The Magazine

Keep It Simple

’Tis the gift, if you follow these suggestions.

Nov 25, 2013, Vol. 19, No. 11 • By JOE QUEENAN

Queenan

Recently, the New York Times reviewed not one, but two books about simplicity on the same day. This comes on top of all the other books and magazines and blogs about streamlining and de-cluttering your life. It’s the same spiel over and over again: There are too many regulations, too many options, too many apps, and too much fine print. The public, neo-Shakers say, is in backlash mode; it wants life stripped down. Trader Joe’s succeeds, the Buddhists of Suburbia argue, because it only stocks 4,000 products. Everyone else stocks 10 times that many. By comparison, Trader Joe is a piker.

I personally do not believe that Americans want to simplify their lives. I do not believe that the vast majority of Americans want to “hit the reset button” and go back to an austere, uncomplicated way of life, before texting and email and tweeting. They only like to talk about that stuff, the way men like to talk about helping out around the house and junkies like to talk about getting clean. But none of them will ever go through with it because they like things just the way they are. 

It was the public’s idea to expand Starbucks’ simple menu to a gigantic list of offerings. It was the public who clamored for multiple rounds of playoffs; nobody cares that the baseball season ends in November. It was the public who demanded an infinite variety of craft beers and craft cupcakes and craft gnocchi and craft guitar straps. The public doesn’t think that a million apps for the iPhone are too many; they think it’s too few. The public likes complexity. The public likes choice. Especially the young public.

But even if people were serious about streamlining their lives, the proposals for simplifying things are never terribly useful. Get rid of any credit cards you don’t need. Which ones are those? Cut down on your magazine subscriptions. Thanks, big help; it was those extraneous subscriptions to Cosmo and Popular Mechanics that deep-sixed this family. Focus your energies on what’s really important to you. Well, for most of us, that’s making money—which is a complicated issue, especially when you’re out of work. 

The biggest problem is that the professional simplifiers chronically fail to address the changes that would make life much simpler. Here, then, are a few plausible, worthwhile suggestions for making life really, really simple.

1. Feign more comas. Man, does this cut down on the phone calls and texts and emails and surprise visits. Comas totally freak out people; they can never tell whether it’s appropriate to bring flowers. Obviously, you can’t overdo this one; maybe one coma every 18 months, mixed in with some virulent, highly contagious disease. For optimal results, keep a log of the diseases you claim to have suffered from. Avoid hygienic clutter. Double-dipping with the exact same disease you had last year is poor form.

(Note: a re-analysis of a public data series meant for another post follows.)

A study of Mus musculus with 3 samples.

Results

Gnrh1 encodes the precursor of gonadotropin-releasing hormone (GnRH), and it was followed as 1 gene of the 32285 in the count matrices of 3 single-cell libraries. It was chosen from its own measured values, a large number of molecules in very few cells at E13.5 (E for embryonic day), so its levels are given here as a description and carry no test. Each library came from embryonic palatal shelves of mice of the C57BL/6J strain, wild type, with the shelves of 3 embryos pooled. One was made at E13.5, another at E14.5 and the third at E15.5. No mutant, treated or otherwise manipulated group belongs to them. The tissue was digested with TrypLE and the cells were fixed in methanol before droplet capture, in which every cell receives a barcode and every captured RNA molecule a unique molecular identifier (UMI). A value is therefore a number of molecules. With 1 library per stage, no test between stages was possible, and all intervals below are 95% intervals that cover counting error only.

2. Stop giving money to charity. It just encourages the bastards. Give them a nickel and then the phone calls start pouring in at dinnertime, and then you have the earnest college kids knocking at the door asking why you don’t care more about polar bears and nuclear war and torture. Not to mention all that junk mail about fracking. For best results, develop a reputation early in life for being parsimonious and uncompassionate. Never give anything to anyone that can be traced back to you. If it makes you feel good to be charitable, go ahead and toss some spare change to the homeless. But don’t give much and don’t do it very often. And never give it to little kids.

3. Die earlier. Unconventional, yes, but it really works. 

4. Purge your friends. It worked for Stalin; it can work for anyone. I have 65 close friends, but I could easily get by with 10. Maybe 6. Three in a pinch. When purging friends, make it official—just like Stalin. Send out registered farewell notes to friends you no longer need. Do it with really nice stationery. “Thinking of You—But Not that Much, and Not that Affectionately” is a good thing to write on sign-off postcards. It’s a nice, civil way of getting old friends ready to feel the axe. They’ll appreciate the classy gesture.

5. Be mean. Like, really mean. You’ll have a far more compact social circle, and your neighbors will never ask you to watch their house or water their lawns or feed their mangy curs while they’re on vacation. Much less babysit their kids. If you really want to clear your dance card, meanness ranks right up there with leprosy.